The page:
By Sarah Warren Beverly
In an opinion that the Virginia Supreme Court handed down in March of this year, Justice Powell, writing for the majority, held that counsel for the plaintiff, in his closing argument, was permitted to assign a fixed dollar amount for each element of damages sought. Wakole v. Barber, 283 Va. 488, 722 S.E.2d 238 (2012) [enhanced version available to lexis.com subscribers].
The plaintiff originally filed suit in Fairfax Circuit Court for personal injuries she sustained in an automobile accident, seeking $50,000 in damages. The defendant admitted liability, and the trial proceeded forward on damages alone. The plaintiff introduced evidence of her medical expenses, which totaled approximately $5,000. In his closing argument, Barber's counsel displayed a chart, specifically calling it a formula, of all elements of damages sought-medical bills, past inconvenience, past pain and suffering, full compensation for her injuries, and future pain and limitations-assigning a monetary value to each item. By adding these component parts, the plaintiff arrived at the total amount of damages sought. Over the defendant's objection that this type of argument was speculative and violated Virginia Supreme Court precedent, the court permitted the plaintiff's counsel to present the argument, and the jury returned a $30,000 verdict for the plaintiff.
In holding the trial court did not err in denying the defendant's motions to prohibit this type of argument, the Supreme Court distinguished the facts at issue from Certified T.V. & Appliance Co., Inc. v. Harrington, 201 Va. 109, 109 S.E.2d 126 (1959) [enhanced version], which until Wakole had been construed to prohibit itemization of damages in a closing argument. In Certified T.V., plaintiff's counsel presented a mathematical formula to the jury in order to calculate the plaintiff's pain and suffering on a per diem basis. The formula invaded the province of the jury. It presented the jury with information not in evidence. Specifically, the Wakole Court found fault with counsel's arrival at the per diem amount; there was no evidence that the plaintiff's pain and suffering was constant from day to day, or that it was a number individualized to the plaintiff's level of pain. The formula, and therefore the itemization of damages in the plaintiff's closing argument, amounted only to the speculation of counsel and was impermissible.
However, Justice Powell held that the plaintiff in Wakole was not using a formula, but was simply taking the total fixed dollar amount sought and breaking them down into their component parts:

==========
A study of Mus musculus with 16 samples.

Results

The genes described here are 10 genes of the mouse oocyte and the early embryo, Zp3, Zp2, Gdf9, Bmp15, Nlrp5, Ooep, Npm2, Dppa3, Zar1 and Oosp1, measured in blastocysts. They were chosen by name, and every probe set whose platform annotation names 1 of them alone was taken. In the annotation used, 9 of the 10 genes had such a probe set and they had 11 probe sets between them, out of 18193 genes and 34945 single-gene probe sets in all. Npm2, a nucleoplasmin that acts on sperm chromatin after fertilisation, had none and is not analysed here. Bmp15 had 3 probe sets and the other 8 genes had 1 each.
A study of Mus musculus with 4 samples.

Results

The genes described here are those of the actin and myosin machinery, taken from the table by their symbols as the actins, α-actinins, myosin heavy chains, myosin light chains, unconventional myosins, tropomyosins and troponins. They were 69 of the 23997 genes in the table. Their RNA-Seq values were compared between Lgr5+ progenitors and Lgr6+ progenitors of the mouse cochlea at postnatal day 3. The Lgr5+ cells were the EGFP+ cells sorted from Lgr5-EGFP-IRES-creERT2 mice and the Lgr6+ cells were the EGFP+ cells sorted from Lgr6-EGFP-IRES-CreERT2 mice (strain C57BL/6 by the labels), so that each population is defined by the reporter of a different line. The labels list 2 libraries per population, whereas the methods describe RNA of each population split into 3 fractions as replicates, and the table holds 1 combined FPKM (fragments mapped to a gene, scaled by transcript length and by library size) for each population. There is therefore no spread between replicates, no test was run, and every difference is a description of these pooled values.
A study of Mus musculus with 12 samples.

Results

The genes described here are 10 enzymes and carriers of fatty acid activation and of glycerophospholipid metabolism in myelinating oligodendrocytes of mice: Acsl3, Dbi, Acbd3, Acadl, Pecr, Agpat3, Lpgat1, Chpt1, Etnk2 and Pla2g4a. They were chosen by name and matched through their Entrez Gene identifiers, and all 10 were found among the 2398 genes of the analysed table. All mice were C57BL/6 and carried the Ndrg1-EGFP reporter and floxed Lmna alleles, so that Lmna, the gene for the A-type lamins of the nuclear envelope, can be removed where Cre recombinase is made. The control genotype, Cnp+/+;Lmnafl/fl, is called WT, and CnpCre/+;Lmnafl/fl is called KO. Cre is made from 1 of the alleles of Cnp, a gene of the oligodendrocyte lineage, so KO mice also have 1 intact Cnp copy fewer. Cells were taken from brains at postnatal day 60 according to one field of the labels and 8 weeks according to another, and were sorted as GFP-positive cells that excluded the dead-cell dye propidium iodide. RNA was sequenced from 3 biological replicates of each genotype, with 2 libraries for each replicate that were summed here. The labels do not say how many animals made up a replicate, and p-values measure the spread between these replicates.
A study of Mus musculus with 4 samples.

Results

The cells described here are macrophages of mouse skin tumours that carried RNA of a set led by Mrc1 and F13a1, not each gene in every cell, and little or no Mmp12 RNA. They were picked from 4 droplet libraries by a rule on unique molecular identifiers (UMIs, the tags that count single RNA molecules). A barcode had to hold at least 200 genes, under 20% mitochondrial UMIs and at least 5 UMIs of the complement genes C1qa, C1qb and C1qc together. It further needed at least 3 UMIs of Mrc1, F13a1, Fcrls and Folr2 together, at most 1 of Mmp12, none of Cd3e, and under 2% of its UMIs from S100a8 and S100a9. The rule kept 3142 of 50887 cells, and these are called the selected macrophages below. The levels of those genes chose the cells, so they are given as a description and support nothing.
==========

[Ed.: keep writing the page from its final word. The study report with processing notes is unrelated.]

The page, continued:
Consequently, just as counsel can argue for a total amount requested by the plaintiff, there is no principled reason why a plaintiff should not be able to request a specific amount for each element of damages sought as long as there is evidence in the record to support each element of damages claimed and the total request is no more than the ad damnum.
283 Va. at 494, 722 S.E.2d at 241. The majority also found that the argument did not violate Virginia Code § 8.01-379.1, which permits a party to disclose to the jury the amount of damages sought. Because the plain language of the statute does not require only one lump sum to be presented to the jury, counsel for the plaintiff was entitled to list out a fixed amount for each element of damages.Justice McClanahan, in her dissenting opinion, found Certified T.V. not so distinguishable, asserting that the rationale behind the decision was intended to prohibit counsel's assignment of fixed and arbitrary values that add up to the ad damnum. In his closing argument, counsel for the plaintiff referred to the chart as a formula, assigned a monetary amount for each item of intangible damages, added and totaled them to $50,000. Justice McClanahan found these values to be exactly what Certified T.V. prohibited: "'estimates of counsel' that 'instill[ed] in the minds of jurors impressions not founded on the evidence.'" Id. at 497, 722 S.E.2d at 243 (quoting Certified T.V., 201 Va. at 115, 109 S.E.2d at 131)). These fixed values assigned to each element were still speculation and not supported by evidence in the record.
However, the majority holding of Wakole appears to have qualified Virginia Supreme Court precedent prohibiting use of a formula to present damages to the jury. Certified T.V. may now stand only for the principle that it is improper to use a per diem formula multiplied by a certain number of days to reach a large, fixed value. However Wakole permits counsel in a closing argument to separate the total damages into their component parts and assign each a fixed value.
For more information about LexisNexis products and solutions, connect with us through our corporate site.